Microbiologist Ramesh Subramani shares his passion for discovering new antibiotics and looks back on the research route he has taken from Germany to South Korea to Fiji Islands.
When I was pursuing my doctorate in marine microbiology at the University of Madras, I got the opportunity to go to Germany and carry out part of my doctorate research at Georg-August-Universität Göttingen, Germany. Thanks to the DAAD scholarship, I have been researching (since 2003) on marine bacteria and sponges for ‘discovering new antibiotics’. A number of valuable antibiotics (e.g., Amoxycillin, Streptomycin etc.) have been derived from soil microorganisms, although efforts in this area have diminished since the late 1980s because of the feeling that this resource has been exhaustively studied.
Additionally, these drugs cannot kill or control the recent deadly disease-causing pathogens; further they have been resistant to multiple drugs available in the world. So, new drugs and antibiotics are urgently needed for combating these deadly diseases for protecting the next generation.
The ocean has been recently demonstrated as an ecosystem with many unique forms of microbes which produce new antibiotics. After my first postdoctoral research in South Korea, I came to Fiji because Pacific countries/islands have not been much explored for this kind of study and some islands have not been touched by humans. So, I selected Fiji Islands for my research on marine organisms for novel therapeutic drugs.
Uniqueness of the USP
The University of the South Pacific (USP) is a premier institution of higher learning in the Pacific region, uniquely placed in a region of extraordinary physical, social and economic diversity. It is jointly owned by the governments of 12 member countries: Cook Islands, Fiji, Kiribati, Marshall Islands, Nauru, Niue, Solomon Islands, Tokelau, Tonga, Tuvalu, Vanuatu and Samoa. The university has campuses in all member countries. The main campus, Laucala, is in Suva, Fiji.
The academic schools, institutes and centres at the USP are organised into three faculties, which include the Faculty of Arts, Law and Education; the Faculty of Business and Economics; and the Faculty of Science, Technology and Environment. Each faculty comprises a number of schools which offer a wide range of academic programmes and courses at the undergraduate and postgraduate levels.
The multi-cultural nature of the staff members and student body give USP an exceptional character. It is a quality institution producing degrees comparable to those awarded by universities in Australia, New Zealand and the United Kingdom.
Graduates from the USP are found in important executive positions throughout the public and private sectors in all member countries and in numerous countries around the world. The university has set a high standard for quality in its research. Major research commitments include business management, teacher education, Pacific studies, marine studies, agriculture, science and technology.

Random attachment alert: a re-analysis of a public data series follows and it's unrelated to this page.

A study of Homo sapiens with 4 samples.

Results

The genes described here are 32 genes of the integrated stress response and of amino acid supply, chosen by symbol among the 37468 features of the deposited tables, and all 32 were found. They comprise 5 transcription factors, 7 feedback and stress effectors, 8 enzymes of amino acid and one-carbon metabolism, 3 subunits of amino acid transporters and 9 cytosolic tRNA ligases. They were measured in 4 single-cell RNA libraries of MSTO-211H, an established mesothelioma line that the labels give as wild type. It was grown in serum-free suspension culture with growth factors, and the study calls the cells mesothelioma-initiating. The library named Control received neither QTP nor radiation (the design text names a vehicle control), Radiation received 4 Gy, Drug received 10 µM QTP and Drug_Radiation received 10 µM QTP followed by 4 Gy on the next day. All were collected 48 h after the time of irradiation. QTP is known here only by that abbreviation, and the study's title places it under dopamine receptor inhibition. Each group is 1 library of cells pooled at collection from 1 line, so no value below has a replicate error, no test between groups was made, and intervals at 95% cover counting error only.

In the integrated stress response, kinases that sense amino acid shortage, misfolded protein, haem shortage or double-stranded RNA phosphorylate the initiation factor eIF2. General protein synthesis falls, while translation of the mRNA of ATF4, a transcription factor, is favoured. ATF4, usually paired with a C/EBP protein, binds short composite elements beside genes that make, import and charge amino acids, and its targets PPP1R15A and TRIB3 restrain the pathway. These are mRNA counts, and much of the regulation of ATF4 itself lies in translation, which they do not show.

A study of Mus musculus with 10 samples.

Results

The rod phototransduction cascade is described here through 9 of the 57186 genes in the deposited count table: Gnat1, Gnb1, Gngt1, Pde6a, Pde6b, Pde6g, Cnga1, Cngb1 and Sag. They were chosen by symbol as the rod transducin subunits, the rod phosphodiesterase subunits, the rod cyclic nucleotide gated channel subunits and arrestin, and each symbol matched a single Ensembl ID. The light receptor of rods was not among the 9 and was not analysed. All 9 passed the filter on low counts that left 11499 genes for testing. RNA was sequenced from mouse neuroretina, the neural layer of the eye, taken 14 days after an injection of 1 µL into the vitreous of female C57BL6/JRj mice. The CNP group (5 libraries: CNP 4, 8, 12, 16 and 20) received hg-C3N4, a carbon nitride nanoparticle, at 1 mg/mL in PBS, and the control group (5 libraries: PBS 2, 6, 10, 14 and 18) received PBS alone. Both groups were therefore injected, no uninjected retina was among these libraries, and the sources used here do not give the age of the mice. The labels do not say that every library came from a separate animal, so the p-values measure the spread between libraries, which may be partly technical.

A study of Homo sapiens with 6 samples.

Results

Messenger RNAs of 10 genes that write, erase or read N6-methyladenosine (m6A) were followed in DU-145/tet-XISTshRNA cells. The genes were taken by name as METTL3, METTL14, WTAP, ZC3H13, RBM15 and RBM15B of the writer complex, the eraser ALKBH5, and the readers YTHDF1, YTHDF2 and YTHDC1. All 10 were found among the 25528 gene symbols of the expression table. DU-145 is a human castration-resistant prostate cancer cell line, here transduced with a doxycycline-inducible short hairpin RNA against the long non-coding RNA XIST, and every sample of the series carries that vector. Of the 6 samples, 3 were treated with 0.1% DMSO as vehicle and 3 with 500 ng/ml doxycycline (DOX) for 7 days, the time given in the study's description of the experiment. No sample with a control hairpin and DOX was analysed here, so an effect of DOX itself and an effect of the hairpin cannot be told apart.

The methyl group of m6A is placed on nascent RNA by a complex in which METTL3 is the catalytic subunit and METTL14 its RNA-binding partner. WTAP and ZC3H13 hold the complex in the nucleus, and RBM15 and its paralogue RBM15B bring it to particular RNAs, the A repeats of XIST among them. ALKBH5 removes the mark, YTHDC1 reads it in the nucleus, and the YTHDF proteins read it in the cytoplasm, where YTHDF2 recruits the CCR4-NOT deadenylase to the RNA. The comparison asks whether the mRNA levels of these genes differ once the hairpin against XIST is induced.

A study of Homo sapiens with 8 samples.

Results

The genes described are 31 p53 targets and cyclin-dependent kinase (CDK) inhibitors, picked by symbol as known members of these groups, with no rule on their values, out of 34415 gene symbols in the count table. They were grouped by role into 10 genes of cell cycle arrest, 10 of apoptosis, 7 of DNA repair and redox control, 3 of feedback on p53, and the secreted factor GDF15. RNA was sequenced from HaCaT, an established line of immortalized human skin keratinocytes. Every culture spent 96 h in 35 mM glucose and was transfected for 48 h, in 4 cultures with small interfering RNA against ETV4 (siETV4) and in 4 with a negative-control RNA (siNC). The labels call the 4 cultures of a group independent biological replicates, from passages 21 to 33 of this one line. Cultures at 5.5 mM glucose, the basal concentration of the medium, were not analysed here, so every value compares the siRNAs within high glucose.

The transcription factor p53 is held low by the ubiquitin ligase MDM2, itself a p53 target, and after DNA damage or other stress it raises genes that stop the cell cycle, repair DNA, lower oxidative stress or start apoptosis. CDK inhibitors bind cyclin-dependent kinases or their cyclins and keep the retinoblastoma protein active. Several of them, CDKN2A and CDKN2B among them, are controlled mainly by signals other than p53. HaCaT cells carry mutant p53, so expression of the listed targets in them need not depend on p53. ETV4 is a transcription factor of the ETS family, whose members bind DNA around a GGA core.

Fiji is perhaps the most cosmopolitan of all South Pacific nations. Its population, just under 8,70,000, is a combination of indigenous Fijians (50 per cent), Indians (40 per cent), the remainder of the population include Rotumans, Chinese, other Pacific Islanders and Europeans. The ‘India–Fiji bond’ is unique and special because ‘Indians’ are not new to Fiji Islands. In 1874, the British colonised the Fiji islands, and the British brought Indian contract labourers to work in the sugar plantations in Fiji.
Suva is the capital city of the Fiji Islands. It is one of the South Pacific's largest and most sophisticated cities and home to the main campus of USP, the Fiji Museum, interesting colonial buildings and a major port. Suva is a multicultural city which is reflected by the mosques, churches, temples and cultural centres. There are many Indian restaurants, bars, coffee shops, nightclubs and a large cinema complex where all the latest movies from Hollywood and Bollywood are screened. There are a lot of native Indians in Suva, and you are bound to meet a person from your State at least once a day on campus. Fiji is like India and I am sure Indian students will never get homesick and they will feel like they are in their home town. The High Commission of India, Indian Cultural Centre and Life Insurance of India are active in Suva and Fiji. The public transport facilities are good, and students will never miss home food as there are a number of Indian food courts on campus and throughout Suva.
Fiji is one of the world-class tourist places and some Bollywood, Hollywood and even Kollywood movies have been filmed here in the Fiji Islands. In Fiji, the national drink kava (also called grog) is part of life, in all important socio-political events.
The writer is a Postdoctoral Scientist from the Institute of Applied Sciences, The University of the South Pacific, Fiji Islands.